A place where we belong
Last week, I spent a few days surrounded by people who care about, and work in, global human rights at the RightsCon conference in Toronto.
Being in direct contact and in conversation with people who are passionate about human rights—many of whom who have made human rights their life’s work— was inspiring and galvanizing. It reminded me that I have passions in this space too, and that I am luck to work in a profession where pursuing those passions is part of my work.
I met a young man from Argentina who had been to many human rights conferences before, but never one in Canada. He was keen to share his thoughts about Toronto with me:
“This is the first time I’ve been at a conference, anywhere in the world, when somebody out in the public, someone at a store or a restaurant, hasn’t asked me where I’m from.”
He was pleasantly surprised that his accent didn’t mark him as an outsider, that his way of speaking was normal and not strange in this city.
“Toronto really must be as multicultural as people say it is if nobody hears me talk and thinks I’m not from here.”
His words resonated with me: this country has a lot of flaws, and we need to do so much more at addressing systemic injustice, but we also do many things right. One of those things is helping people feel welcome.
Of all the lessons I took from RightsCon, this one was the most salient: making people feel like they belong is one of the most important things we can do, in no matter what context. It’s why I love the work I do, and it’s why I’m glad, despite all its shortcomings, to live in this country.
A few things to read and explore:
On digital utopias and invisible labor, by Audrey Watters:
“If digital utopia doesn’t see our bodies, it makes sense it cannot see our work. If digital utopia cannot imagine our existence, it makes sense it will not value our presence (or notice our absence).”
I knew Ta-Nehisi Coates was going to write something insightful and excellent about the whole Kanye West saga, and not only did he not disappoint, but he surpassed my already high expectations.
Something I tell all my friends and colleagues who work on civic issues: we transform government not by tearing it down, but by caring enough to make it better.
“We’ve learned that the real change makers aren’t 24-year-old male engineers parachuted in from Silicon Valley, but often a diverse range of people who have worked in or around government for years, who are invested in their communities, or who simply like intractable problems.”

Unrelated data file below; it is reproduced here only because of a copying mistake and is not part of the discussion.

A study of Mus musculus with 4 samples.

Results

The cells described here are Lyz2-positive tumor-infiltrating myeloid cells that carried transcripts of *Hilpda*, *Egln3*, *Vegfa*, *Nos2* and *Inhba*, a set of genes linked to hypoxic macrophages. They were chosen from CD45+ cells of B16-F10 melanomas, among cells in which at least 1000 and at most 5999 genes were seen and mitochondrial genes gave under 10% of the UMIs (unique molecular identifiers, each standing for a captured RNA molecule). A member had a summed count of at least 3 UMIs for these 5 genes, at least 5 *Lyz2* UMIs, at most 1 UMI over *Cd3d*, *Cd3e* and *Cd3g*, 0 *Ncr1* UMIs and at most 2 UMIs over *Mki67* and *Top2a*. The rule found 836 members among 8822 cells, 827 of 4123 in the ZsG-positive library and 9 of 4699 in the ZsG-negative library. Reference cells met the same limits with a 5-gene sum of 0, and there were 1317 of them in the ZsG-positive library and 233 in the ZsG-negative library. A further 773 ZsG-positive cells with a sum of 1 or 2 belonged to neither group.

The Raptors fired Dwane Casey last week, despite him being one of the best coaches we’ve had in franchise history. In his farewell note to the city, he thanked us for “teaching our all-American family the Canadian way.” A class act; he’ll be missed dearly.
Thank you for teaching our all-American family the Canadian way. That being polite and considerate to one another is always the best way. That diversity is something to be embraced and celebrated. That taking the time to learn about each other’s cultures is the surest way to find common ground and understanding. Thank you for making our children feel safe, valued, and comfortable in their own skin. We cannot express how important it has been to build the foundations of who our children are as human beings in a country that shows through its words, actions and laws that all people deserve basic human rights, and a chance to reach their goals through education and hard work.
I’m part of a mixtape club called The Mixtape Concern and this month’s prompt was to create our “dream festival playlist.” I took some liberties with interpreting the prompt for my recent submission.
Something I need to get better at remembering, from a piece by Yotam Ottolenghi in the New York Times.:
“Stressless cooking is not always about ‘easy,’ but about ‘ease’; it’s not about a dish but about a state of mind”
One of the things I’ve been most impressed with in Apple’s new take on the App Store has been the storytelling—through both text and illustration—in their “featured” area. Khoi Vinh has been capturing some of that gorgeous illustration on a Pinterest board.
“Has it occurred to you that nobody talks about sellouts anymore?” A fascinating, well sourced and referenced, look at authenticity in our current age by Toby Shorin.
“Kyrie has also been nicknamed the ‘Flat Mamba’ (平曼巴) because of his stated belief that the earth is flat.” An awesome article on Chinese nicknames for popular NBA basketball players.